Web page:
Democrats filed H.R. 7115 even before they regained control of the U.S. House of Representatives, and now that they hold a solid majority, they’re ready to make their gun control fantasies come true.
Rep. Frank Pallone, Jr., a Democrat from New Jersey, filed the legislation on November 2, 2018, and it’s being co-sponsored by 13 additional representatives. The bill would “prohibit the sale, acquisition, distribution in commerce, or import into the United States of certain firearm receiver castings or blanks, assault weapon parts kits, and machinegun parts kits and the marketing or advertising of such castings or blanks and kits on any medium of electronic communications, to require homemade firearms to have serial numbers, and for other purposes.”
Legislators dubbed the bill the “3–D Firearms Prohibitions Act,” though the text doesn’t mention 3-D printed firearms anywhere beyond the title.
Under H.R. 7115, gun manufacturers would no longer be permitted to sell partially machined receivers for “assault rifles.” Also called “80 percent lowers,” these items do not qualify as “firearms” under U.S. law and have long been a target of gun-control lobbyists because they allow individuals to create “ghost guns,” or firearms without serial numbers.
For those wanting to manufacture a firearm without using an 80 percent lower, H.R. 7115 also requires all individual firearm makers to request a serial number from the federal government before creating a firearm. The prospective gun maker would contact a federal firearms dealer, who would issue the number using the same process as any other firearms transfer.
But the bill also targets serialized, do-it-yourself AR-15 kits by outlawing “assault weapons parts kits” and “machine gun parts kits.” Strangely, it also prohibits companies from advertising 80 percent lowers, AR parts kits, or machine gun parts kits. According to the law,
(a) In General.—It shall be unlawful to market or advertise, on any medium of electronic communications, including over the Internet, for the sale of any of the following:
(1) A firearm receiver casting or firearm receiver blank or unfinished handgun frame that—
(A) at the point of sale does not meet the definition of a firearm in section 921(a) of title 18, United States Code; and
(B) after purchase by a consumer, can be completed by the consumer to the point at which such casting or blank functions as a firearm frame or receiver for a semiautomatic assault weapon or machinegun or the frame of a handgun.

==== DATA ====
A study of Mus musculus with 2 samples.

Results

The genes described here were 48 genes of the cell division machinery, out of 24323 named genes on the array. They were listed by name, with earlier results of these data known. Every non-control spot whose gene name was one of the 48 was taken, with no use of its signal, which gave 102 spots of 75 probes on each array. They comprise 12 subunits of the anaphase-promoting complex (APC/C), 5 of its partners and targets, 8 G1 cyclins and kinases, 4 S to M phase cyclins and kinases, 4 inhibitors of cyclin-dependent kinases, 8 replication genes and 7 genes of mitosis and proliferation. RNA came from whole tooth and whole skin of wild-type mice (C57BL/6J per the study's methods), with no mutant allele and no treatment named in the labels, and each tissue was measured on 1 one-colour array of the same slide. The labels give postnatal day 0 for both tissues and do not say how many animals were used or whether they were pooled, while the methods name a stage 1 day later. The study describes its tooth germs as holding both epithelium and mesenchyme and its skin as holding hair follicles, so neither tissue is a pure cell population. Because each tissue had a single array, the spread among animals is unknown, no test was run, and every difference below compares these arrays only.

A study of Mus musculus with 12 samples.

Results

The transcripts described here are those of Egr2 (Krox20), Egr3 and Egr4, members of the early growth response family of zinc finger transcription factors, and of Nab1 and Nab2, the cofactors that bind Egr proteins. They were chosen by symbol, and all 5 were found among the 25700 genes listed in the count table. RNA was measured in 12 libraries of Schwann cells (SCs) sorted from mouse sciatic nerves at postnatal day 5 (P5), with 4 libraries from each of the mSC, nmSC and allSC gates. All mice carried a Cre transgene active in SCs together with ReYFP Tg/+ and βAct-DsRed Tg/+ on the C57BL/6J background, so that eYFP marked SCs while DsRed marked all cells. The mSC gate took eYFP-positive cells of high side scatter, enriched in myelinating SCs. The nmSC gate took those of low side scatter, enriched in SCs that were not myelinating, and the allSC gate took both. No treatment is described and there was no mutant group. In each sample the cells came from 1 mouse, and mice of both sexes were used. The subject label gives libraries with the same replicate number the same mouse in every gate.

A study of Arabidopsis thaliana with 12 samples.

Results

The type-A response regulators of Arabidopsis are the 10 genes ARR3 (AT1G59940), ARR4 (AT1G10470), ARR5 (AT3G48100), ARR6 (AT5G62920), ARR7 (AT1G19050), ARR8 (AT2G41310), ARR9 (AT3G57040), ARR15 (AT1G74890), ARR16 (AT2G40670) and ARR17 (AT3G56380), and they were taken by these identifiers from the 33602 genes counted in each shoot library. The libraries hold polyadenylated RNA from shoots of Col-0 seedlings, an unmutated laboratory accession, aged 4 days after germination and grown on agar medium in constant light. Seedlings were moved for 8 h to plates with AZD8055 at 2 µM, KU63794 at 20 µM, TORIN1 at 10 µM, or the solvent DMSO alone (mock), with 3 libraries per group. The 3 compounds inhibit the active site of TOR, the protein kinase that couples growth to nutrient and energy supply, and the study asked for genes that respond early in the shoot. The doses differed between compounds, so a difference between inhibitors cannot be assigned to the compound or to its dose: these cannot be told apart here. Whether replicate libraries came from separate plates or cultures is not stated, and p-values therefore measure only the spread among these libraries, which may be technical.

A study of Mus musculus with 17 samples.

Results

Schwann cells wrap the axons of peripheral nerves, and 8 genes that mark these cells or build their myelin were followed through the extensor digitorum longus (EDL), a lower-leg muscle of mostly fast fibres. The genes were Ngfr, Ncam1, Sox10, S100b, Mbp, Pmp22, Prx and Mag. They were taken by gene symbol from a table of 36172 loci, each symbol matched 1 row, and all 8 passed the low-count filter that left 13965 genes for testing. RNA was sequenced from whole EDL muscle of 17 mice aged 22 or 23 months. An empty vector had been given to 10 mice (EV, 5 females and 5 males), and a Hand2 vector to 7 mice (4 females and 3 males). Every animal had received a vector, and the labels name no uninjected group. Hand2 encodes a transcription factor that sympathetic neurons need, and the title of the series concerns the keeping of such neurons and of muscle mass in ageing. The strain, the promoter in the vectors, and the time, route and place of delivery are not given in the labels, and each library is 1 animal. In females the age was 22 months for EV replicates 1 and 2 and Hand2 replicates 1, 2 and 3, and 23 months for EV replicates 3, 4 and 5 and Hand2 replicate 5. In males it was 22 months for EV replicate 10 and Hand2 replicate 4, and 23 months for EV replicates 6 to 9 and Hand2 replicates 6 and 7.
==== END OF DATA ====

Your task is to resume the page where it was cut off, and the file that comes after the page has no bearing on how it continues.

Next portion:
(2) An assault weapon parts kit.
(3) A machinegun parts kit.
It’s unclear why the bill bans the advertising of already prohibited items, but political grandstanding has always trumped logic on the anti-gun priority list.
For those hoping to get around the law by simply purchasing individual parts rather than a complete kit, the bill has that covered, too. It defines “assault weapon parts kit” as “any part or combination of parts designed and intended to enable a consumer who possesses all such necessary parts to assemble a semiautomatic assault weapon.”
So much for that loophole.
Gun owners can also say goodbye to building Ruger 10/22’s. A “semiautomatic assault weapon” is, according to the bill, “a semiautomatic rifle or semiautomatic shotgun that has the capacity to accept a detachable ammunition feeding device.” Under H.R. 7115, a parts kit for a .22-caliber child’s rifle would be considered just as deadly as a kit for an AR-15.
With the Democrats in control of the House, passage of H.R. 7115 is more than possible in that chamber. The Senate is a different story, as Republicans expanded their majority, and President Trump has remained a solid supporter of Second Amendment rights, despite some concerns early in his presidency.
Still, Washington is the capital of backroom deals, and it wouldn’t be the first time Republicans concede ground on one issue to get what they want in another arena. H.R. 7115 doesn’t ban “assault weapons,” after all, and who really cares about 80 percent lowers?